Learning altered by textbook cost

By Ashley Hines

Students pay an exorbitant amount in collegiate fees to achieve a higher education. The needlessly high cost of textbooks erects barriers which prevent students from achieving their fullest academic potential.

Since fall 2017, NIU and student association have been collaborating on an initiative to address the financial burdens textbooks pose to students. Since the initiative’s inception, the university has explored a number of options to address concerns about textbook affordability. Despite these efforts, a solution has yet to emerge, and NIU students are feeling the consequences.

In the 2017-18 academic year, the average undergraduate student spent $555.60 per semester on textbooks, according to a May study by the U.S. Department of Education’s National Center of Education Statistics. Student finances have long been an issue, and with the steadily growing cost of tuition, housing, school materials and other living expenses; spending more than $500 on textbooks can put low-income students at a severe disadvantage.

The bodies working on the textbook affordability initiative at NIU have conducted student surveys which have produced alarming results. Students source one of the main hindrances to purchasing course material as the cost being too high, according to a May 10 survey. Over half of those surveyed were able to purchase their books after the first day of class, and roughly 12 percent purchased their books well after the first day of class.

Of surveyed students in a separate Jan. 24 study, 50 percent said their grades have been negatively impacted by the inability to purchase textbooks, according to NIU Libraries’ Textbook Affordability Guide.

“Books are currently too expensive,” Madalynn Mershon, student association director of academic affairs, said. “One of the big issues colleges across the United States are facing is that students are waiting for their refund check or financial aid, and at that point in the semester they’ve already had two weeks without the book. Making sure students can excel in classes because they have access to the required book is really important.”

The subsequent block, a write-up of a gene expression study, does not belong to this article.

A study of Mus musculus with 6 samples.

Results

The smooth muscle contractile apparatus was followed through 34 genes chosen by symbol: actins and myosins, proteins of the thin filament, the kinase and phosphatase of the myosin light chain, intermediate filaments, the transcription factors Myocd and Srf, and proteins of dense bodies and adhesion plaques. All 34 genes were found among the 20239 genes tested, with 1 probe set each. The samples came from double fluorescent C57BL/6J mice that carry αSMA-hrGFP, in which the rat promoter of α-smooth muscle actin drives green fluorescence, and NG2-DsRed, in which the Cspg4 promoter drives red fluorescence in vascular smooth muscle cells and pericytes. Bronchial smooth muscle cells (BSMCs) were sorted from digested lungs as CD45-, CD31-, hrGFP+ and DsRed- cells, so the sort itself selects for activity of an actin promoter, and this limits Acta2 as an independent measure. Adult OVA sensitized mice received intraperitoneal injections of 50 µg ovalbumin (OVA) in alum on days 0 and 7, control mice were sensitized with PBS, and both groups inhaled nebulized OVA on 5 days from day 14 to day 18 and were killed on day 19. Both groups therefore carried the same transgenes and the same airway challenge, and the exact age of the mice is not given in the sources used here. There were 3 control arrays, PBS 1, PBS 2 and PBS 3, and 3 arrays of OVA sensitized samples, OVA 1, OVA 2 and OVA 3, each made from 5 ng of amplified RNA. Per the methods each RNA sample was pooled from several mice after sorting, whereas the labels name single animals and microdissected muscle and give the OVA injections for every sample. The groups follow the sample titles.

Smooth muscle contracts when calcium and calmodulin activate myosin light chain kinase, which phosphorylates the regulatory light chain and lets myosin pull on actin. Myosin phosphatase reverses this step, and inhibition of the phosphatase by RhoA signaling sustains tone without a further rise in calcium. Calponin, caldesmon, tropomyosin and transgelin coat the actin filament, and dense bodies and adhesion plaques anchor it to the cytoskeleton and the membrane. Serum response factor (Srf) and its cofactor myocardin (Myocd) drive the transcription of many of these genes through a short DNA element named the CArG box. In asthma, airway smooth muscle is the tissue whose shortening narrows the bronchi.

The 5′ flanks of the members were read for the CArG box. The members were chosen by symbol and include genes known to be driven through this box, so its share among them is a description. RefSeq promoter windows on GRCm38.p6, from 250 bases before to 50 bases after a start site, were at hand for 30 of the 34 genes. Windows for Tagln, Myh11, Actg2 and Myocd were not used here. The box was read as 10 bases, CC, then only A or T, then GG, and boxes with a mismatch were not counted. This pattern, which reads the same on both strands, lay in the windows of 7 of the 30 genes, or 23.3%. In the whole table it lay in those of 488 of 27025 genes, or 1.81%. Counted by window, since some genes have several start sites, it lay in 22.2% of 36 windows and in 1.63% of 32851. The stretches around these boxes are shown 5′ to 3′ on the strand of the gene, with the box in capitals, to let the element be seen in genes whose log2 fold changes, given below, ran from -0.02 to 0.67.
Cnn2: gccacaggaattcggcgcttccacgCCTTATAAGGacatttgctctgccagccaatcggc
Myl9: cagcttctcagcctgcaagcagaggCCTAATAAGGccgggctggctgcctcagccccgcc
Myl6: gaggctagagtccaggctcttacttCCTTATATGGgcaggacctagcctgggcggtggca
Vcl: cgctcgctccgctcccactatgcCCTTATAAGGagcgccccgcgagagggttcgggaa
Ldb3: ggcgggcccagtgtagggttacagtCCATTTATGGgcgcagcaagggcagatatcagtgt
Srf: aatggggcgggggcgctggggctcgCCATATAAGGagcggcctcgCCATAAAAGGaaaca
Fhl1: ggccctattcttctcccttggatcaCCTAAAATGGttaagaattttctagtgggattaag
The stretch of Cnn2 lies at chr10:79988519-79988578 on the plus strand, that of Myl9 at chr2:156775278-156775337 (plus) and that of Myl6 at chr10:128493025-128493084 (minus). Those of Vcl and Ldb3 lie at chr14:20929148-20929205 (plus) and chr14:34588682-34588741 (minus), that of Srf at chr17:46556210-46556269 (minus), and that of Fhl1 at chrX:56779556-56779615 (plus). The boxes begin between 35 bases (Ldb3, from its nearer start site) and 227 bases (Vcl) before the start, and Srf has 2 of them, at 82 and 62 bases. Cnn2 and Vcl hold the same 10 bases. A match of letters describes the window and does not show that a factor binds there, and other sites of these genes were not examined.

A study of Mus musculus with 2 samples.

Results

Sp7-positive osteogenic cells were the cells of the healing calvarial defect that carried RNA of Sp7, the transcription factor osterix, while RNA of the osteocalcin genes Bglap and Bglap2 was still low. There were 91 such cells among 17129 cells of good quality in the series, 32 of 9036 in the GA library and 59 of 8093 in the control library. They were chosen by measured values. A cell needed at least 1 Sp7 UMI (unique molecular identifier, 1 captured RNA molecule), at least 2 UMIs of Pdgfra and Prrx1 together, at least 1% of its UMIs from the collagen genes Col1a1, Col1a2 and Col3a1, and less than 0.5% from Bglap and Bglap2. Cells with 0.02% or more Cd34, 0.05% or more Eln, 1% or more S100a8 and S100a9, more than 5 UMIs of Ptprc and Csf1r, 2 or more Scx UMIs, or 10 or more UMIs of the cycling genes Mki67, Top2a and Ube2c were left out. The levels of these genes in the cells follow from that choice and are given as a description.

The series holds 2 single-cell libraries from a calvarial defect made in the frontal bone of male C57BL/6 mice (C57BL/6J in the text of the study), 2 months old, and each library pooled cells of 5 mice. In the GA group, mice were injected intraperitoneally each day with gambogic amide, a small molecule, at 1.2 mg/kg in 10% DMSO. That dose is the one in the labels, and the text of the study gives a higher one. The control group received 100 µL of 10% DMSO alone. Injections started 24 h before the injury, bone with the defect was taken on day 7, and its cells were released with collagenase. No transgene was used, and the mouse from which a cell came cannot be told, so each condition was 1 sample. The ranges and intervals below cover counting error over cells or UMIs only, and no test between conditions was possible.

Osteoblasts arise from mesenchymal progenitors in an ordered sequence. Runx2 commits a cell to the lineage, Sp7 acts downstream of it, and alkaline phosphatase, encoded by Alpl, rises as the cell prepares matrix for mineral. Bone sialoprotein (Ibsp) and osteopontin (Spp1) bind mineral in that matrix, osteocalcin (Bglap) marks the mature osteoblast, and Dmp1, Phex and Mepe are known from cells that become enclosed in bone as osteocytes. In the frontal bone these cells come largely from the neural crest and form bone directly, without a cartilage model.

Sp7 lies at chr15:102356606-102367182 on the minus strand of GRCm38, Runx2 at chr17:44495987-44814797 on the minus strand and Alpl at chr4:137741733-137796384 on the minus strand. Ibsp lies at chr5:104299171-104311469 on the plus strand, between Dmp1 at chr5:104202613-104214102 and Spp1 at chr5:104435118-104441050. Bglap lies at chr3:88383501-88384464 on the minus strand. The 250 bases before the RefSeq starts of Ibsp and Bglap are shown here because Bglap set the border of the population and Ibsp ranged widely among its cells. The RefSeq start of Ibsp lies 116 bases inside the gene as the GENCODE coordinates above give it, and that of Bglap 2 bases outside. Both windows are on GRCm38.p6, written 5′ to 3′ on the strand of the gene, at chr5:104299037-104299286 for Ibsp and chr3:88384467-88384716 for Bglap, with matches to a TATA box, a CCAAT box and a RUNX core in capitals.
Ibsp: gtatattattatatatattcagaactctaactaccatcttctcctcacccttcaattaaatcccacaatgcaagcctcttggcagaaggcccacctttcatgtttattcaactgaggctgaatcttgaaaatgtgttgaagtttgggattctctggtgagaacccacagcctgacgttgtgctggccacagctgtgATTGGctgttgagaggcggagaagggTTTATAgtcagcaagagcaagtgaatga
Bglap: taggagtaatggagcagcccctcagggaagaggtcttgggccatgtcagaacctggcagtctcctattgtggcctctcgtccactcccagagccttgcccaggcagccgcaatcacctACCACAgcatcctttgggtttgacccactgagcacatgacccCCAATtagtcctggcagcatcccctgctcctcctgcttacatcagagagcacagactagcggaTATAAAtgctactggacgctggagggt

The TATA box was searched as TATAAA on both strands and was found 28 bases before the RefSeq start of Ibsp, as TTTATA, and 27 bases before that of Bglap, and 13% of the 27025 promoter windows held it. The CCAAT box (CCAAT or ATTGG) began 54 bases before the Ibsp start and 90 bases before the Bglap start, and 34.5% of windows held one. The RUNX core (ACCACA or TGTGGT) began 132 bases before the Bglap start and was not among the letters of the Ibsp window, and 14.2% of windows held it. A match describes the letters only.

If a student can’t afford a $200 textbook for the starting weeks of a semester, that’s multiple classes worth of assignments, readings or problems that student cannot complete. What once started as a singular barrier constructed multiple other barriers, which together, drastically affect a student’s ability to learn and be successful.

There are simple, viable options NIU can turn to. Over the last academic year, nearly half of U.S. colleges, including Arizona State University and North Carolina State University, have started using OpenStax, a nonprofit initiative created by Rice University in 2012 which provides free textbooks and other online resources to students. U.S. colleges reportedly saved $177 million within the first year of the program, according to an Aug. 1 Rice University Media report.

NIU provides useful resources faculty and students alike overpass. Mershon said the NIU library is currently working with the dean of liberal arts and sciences to create more funds for the university’s reserve program, a program where students can check out books requested by professors for a designated amount of time. NIU also grants access to open educational resources which provide a vast amount of free information for all majors. Faculty should be more aware of these options and the struggles students face if unable to purchase a required textbook.


“Student feedback and involvement in NIU’s shared governance system is imperative,” Michael Kane, senior economics major and president of the college of liberal arts and sciences student advisory council, said. “I’ve been working on this issue for a couple years now, and I can say faculty does take feedback into consideration in a serious way. I would encourage other students to get involved.”

These solutions will not manifest from nothing. It’s important the student body pressures the university and faculty to move from its stagnation and address this issue many students are subject to.